Live from Austin, Texas — Why Plain Language Matters, and Why You Should Care

BY KORTNEY NORDRUM —
June 2, 2014

SCCEThe Higher Education Compliance Conference got off to a great state this morning with Dr. Deborah Bosley imploring the hundreds of us in the general session to “keep it simple.” Through the use of comics and real-life examples, Deborah illustrated the importance of using plain language in our communications. While applicable to everything we write, Deborah’s speech was particularly relevant to compliance professionals, since you’re often the ones writing (or approving the language of) policies and procedures.

We’ve all encountered giant blocks of text, filled with jargon and way too many commas. No one wants to read that. If you’re like me, you skim it for bold or italics, and any key words that jump out.Before I even dig in, I know that reading that giant paragraph that by the end, I’m going to be frustrated, tired, and no more informed than I was before. Deborah’s goal is to get all of us to stop writing like that, so we can stop pretending to read things that are written like that.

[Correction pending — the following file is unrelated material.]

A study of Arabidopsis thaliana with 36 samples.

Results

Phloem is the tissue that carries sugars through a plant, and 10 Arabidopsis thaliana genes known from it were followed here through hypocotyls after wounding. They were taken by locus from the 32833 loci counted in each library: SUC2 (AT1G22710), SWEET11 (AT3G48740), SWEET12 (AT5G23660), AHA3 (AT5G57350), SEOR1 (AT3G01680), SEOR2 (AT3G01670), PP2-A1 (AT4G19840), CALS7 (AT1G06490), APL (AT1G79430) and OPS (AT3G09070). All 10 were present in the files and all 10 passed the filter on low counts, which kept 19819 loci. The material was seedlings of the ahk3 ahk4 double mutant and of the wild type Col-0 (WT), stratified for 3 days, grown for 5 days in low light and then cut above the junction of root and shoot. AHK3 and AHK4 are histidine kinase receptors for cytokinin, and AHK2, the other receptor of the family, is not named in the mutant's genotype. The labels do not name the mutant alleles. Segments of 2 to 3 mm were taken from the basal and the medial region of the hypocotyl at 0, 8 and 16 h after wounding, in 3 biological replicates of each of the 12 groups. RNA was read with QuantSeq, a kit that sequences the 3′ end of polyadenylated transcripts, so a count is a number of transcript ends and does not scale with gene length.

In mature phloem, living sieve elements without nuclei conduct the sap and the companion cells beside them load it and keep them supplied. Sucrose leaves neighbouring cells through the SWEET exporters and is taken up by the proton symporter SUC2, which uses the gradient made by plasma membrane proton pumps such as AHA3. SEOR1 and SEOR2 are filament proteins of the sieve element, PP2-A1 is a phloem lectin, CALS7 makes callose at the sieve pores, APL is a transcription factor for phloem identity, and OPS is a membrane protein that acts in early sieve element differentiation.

While learning what plain language means, we had to learn what it doesn’t mean. Importantly, plain language does not mean “dumbing down” or oversimplifying information. It seems backwards, but it’s easy to be complex, and it’s difficult to be simple.

Deborah implored us to keep in mind the 4 concepts of plain language:

  • Citizens
    • Keeping in mind the audience you’re writing for
  • Communication
    • Communicate unto others as they would communicate to themselves
  • Clarity
    • Keep it simple, even though it may be difficult
  • Comprehension
    • Disclosure does not equal comprehension
    • Information does not equal communication
    • Facts & accuracy do not equal understanding

These 4 concepts will help you keep in mind the goal of your writing – to let your readers know what you need from them.

Deborah also gave us some great actionable tips for plain, clear writing:

  • Organize your writing logically
  • Use active voice and use pronouns
  • The easiest sentences to read have 15-18 words
  • The most comprehended paragraphs have 3-5 sentences
  • If there are steps or a process – use headings and lists (3-5 per page)
  • Don’t use jargon, legalese, or tech-speak
  • If you have numbers or data, always use visuals – people like pictures
  • Conduct usability tests – ask people to read your work and comment

All in all, in a single hour, hundreds of us are now much more equipped to communicate clearly and in an accessible manner, benefiting compliance programs nationwide.